Feature Article - April 2003

From crime and crushings to big threats and personal safety, a look at some of the best techniques for managing large daily crowds as well as mass-spectator events

By Mitch Martin


Easy now
PHOTO COURTESY OF GE SPORTS LIGHTING

One of the great challenges of providing against a lethal threat at a large event is providing security that doesn't overwhelm the event. The IAAM provides security-level guidelines for venue types based on the color-coded threat level indicator of the Department of Homeland Security.

Lauro safeguards many national landmarks considered prime targets for anti-American terrorism. However, he says he can still balance security with practicality. For example, park police concentrate on preventing people from bringing inside large weapons with the capability of killing many people at a gathering.

"It's not like an airplane where you have to make sure no one gets on who has a nail clipper on them," Lauro says.

Lauro says the park police still use snow fencing as entrance barriers even though it isn't impenetrable by any means. That's because in the event of a more likely safety problem, such as a crushing situation, snow fences can be taken down easily.

Several of the experts remark that "big threat" work is largely a manner of dedication, good training and planning.

"From a litigation standpoint, if you're just going to write a plan and not really carry it out, you're almost better to not do it at all," Fried says. "Because if you do have an incident, your plan will be used to show how you didn't meet your own standards."

However, Fried says the planning needn't be overly burdensome. A good plan, he says, is made up of relatively simple things, such as providing the public announcer with a readable message he or she can calmly read in the event of a crisis.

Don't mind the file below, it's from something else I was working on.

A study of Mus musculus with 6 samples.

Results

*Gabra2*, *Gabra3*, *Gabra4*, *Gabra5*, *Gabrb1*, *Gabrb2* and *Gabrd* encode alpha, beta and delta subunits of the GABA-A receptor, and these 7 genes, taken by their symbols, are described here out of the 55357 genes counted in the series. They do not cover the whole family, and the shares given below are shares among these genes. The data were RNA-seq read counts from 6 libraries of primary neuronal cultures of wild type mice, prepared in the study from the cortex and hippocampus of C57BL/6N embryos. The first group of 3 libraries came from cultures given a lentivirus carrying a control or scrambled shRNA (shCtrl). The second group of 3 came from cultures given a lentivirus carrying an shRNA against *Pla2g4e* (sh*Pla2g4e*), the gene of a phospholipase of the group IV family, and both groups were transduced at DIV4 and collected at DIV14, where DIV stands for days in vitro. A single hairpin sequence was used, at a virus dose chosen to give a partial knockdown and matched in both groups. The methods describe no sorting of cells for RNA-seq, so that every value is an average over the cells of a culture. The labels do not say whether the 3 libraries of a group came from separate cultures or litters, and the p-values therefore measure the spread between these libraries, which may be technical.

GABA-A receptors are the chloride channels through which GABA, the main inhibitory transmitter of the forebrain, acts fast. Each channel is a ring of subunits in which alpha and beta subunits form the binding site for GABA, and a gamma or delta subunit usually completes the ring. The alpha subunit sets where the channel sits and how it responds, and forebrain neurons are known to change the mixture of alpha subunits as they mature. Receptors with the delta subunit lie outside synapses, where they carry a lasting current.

Several experts say crisis planning should be an additional layer of protection that doesn't steal from normal event planning, such as protecting against heat exhaustion or general personal security.

"After a major event, there's sort of a pendulum swing of extremes in reactions," Poe says. "We've tried to continually encourage a moderate, reasonable level of precaution that can be consistent over a period of time."


Under Protest

One of the more delicate security problems at a public facility is the political protest. U.S. Park Police Major Sal Lauro has dealt with all manner of protests, from the one-person anti-nuclear demonstration going on in the Washington area for almost 20 years to the massive anti-International Monetary Fund demonstrations last year.

Lauro offers a few tips on how to handle demonstrations at your facilities as peacefully as possible.

  • Meet with protesters if possible and ask what their plans are and how they intend to act. Ask them to provide a sufficient number of demonstration "marshals" to keep their own members acting appropriately.
  • If a political group has protested elsewhere, ask other agencies how the protesters behaved.
  • Make sure the law-enforcement agency has enough officers to make a strong showing and have enough officers in reserve to handle contingencies.